For a decade, life has been kind to miners. Perhaps more than any other, the mining industry has ridden the Chinese boom – or “supercycle” – in commodity prices.
But now investors are asking whether the sector’s best days are behind it. After the boom, they say, surely must come a bust. With metals pricesdown more than 20 percent from last year’s highs, could the supercycle be over?
The answer has profound implications for investors of all stripes, and particularly in the UK.
Following a surge in share prices and a string of listings, the mining sector now accounts for about an eighth of the market value of the FTSE 100 , and so a large chunk of many British pensioners’ savings.
“We believe that the tail wind of ever-higher commodity prices, which has been the principal driver of share prices, is now over,” says Heath Jansen, head of metals and mining research at Citigroup, in a note entitled “Super-Cycle Sunset”.
The bears’ argument is two-pronged. First, Chinese growth is slowing, and becoming less commodity-intensive.
China is the main driver of demand for commodities such as iron ore, coal and copper , accounting for as much as three-quarters of forecast consumption growth.
But Beijing has lowered its growth target to 7.5 percent, the lowest since 2004. Put that together with the prospect of rising supplies as miners’ investments begin to kick in and, some investors argue,
“We are looking at an inflection point in terms of China’s growth rate, which should slow gradually over the next decade after the pulsating growth of the last decade,” says Robert Lind, chief economist at Anglo American. “That has triggered a debate about whether commodity pricescan return to their previous cyclical peaks.”
At the same time, the costs of running and building mines is rising rapidly. Kazakhmys , the London-listed copper miner, reported inflation of 18 percent in its production costs last year. Analysts at Deutsche Bank estimate that cost inflation across the industry was 10-15 percent in 2011 and predict it will slow only slightly in 2012.
The obvious conclusion is that margins will fall—and, with them, share prices. Indeed, the FTSE All-World mining index has already dropped 31.8 percent from its peak in April 2011. “This is usually the point at which the demand cycle finally matures and the supply response kicks in,” says Andrew Keen at HSBC, noting that stock valuations are already starting to discount a shift.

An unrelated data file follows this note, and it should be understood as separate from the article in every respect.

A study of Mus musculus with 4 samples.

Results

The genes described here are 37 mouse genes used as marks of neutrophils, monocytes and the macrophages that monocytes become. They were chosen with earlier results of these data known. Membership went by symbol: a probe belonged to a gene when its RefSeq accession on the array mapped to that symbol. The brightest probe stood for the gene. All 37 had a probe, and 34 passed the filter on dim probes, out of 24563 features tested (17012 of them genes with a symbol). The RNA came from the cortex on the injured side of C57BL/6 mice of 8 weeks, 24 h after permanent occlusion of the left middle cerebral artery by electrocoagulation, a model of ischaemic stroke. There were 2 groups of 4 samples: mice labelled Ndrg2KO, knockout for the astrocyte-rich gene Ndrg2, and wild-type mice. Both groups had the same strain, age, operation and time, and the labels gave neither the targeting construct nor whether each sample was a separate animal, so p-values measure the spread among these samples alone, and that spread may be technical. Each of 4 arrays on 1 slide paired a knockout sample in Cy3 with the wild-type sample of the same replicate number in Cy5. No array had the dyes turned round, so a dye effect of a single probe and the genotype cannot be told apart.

“If this is the case, it won’t be a repeat of the 2008/09 downturn, which turned out to be a brief intermission, but the start of a long, unwinding and normalisation of margins.”
Not everyone believes the supercycle is dead. Commodities prices could stay robust should China’s slowing growth be counterbalanced by difficulties bringing new supply to the market, as companies brave ever more tricky geological challenges and difficult jurisdictions in search of promising deposits.
“Exchange inventories are relatively low still despite this trough in demand currently affecting China and Europe,” says Simon Collins, head of bulk commodities at Trafigura, the second-largest metals trader. ”There’s not that much available material.”
Nonetheless, the idea of a shift in momentum for the mining sector is gaining greater credence among investors and executives alike.
BHP Billiton, the world’s largest miner by market value and a bellwether for the industry, acknowledged that growing caution among investors last week, when it said it would slow development of its big projects to match expectations for earnings.
Other miners are likely to follow suit, executives say, turning their focus from reinvesting profits to returning them to shareholders.
The result is likely to be a fundamental shift in mining as an investment prospect: putting money into the sector will no longer be a one-way bet.
“In the last 10 years as long as you got ‘long’ the right thing it didn’t matter,” says George Cheveley, natural resources portfolio manager at Investec Asset Management.
“That has not been the case since the middle of last year—we have seen much more differentiation in performance between companies and between commodities.”
Moreover, rising costs may not be entirely negative for mining equities.
In markets from iron ore to copper, the highest cost producers are seeing the most dramatic inflation in costs, meaning that even if prices fall, they are unlikely to return to pre-boom levels. That may help cushion margins for other producers—those at the lower end of the industry “cost curve”—even if their costs are rising too.
Those companies that are able to differentiate themselves – either by controlling costs and delivering projects on time, or by returning larger chunks of their profits to shareholders through buybacks and dividends – are likely to outperform, analysts and investors say.
“In an environment where metal prices remain elevatedbut range-bound, investors would have to pick winners and losers based on who can execute and manage cost pressures, as well as their policies on shareholder returns,” says Jeff Largey, analyst at Macquarie. “It could become a stockpickers’ industry again.”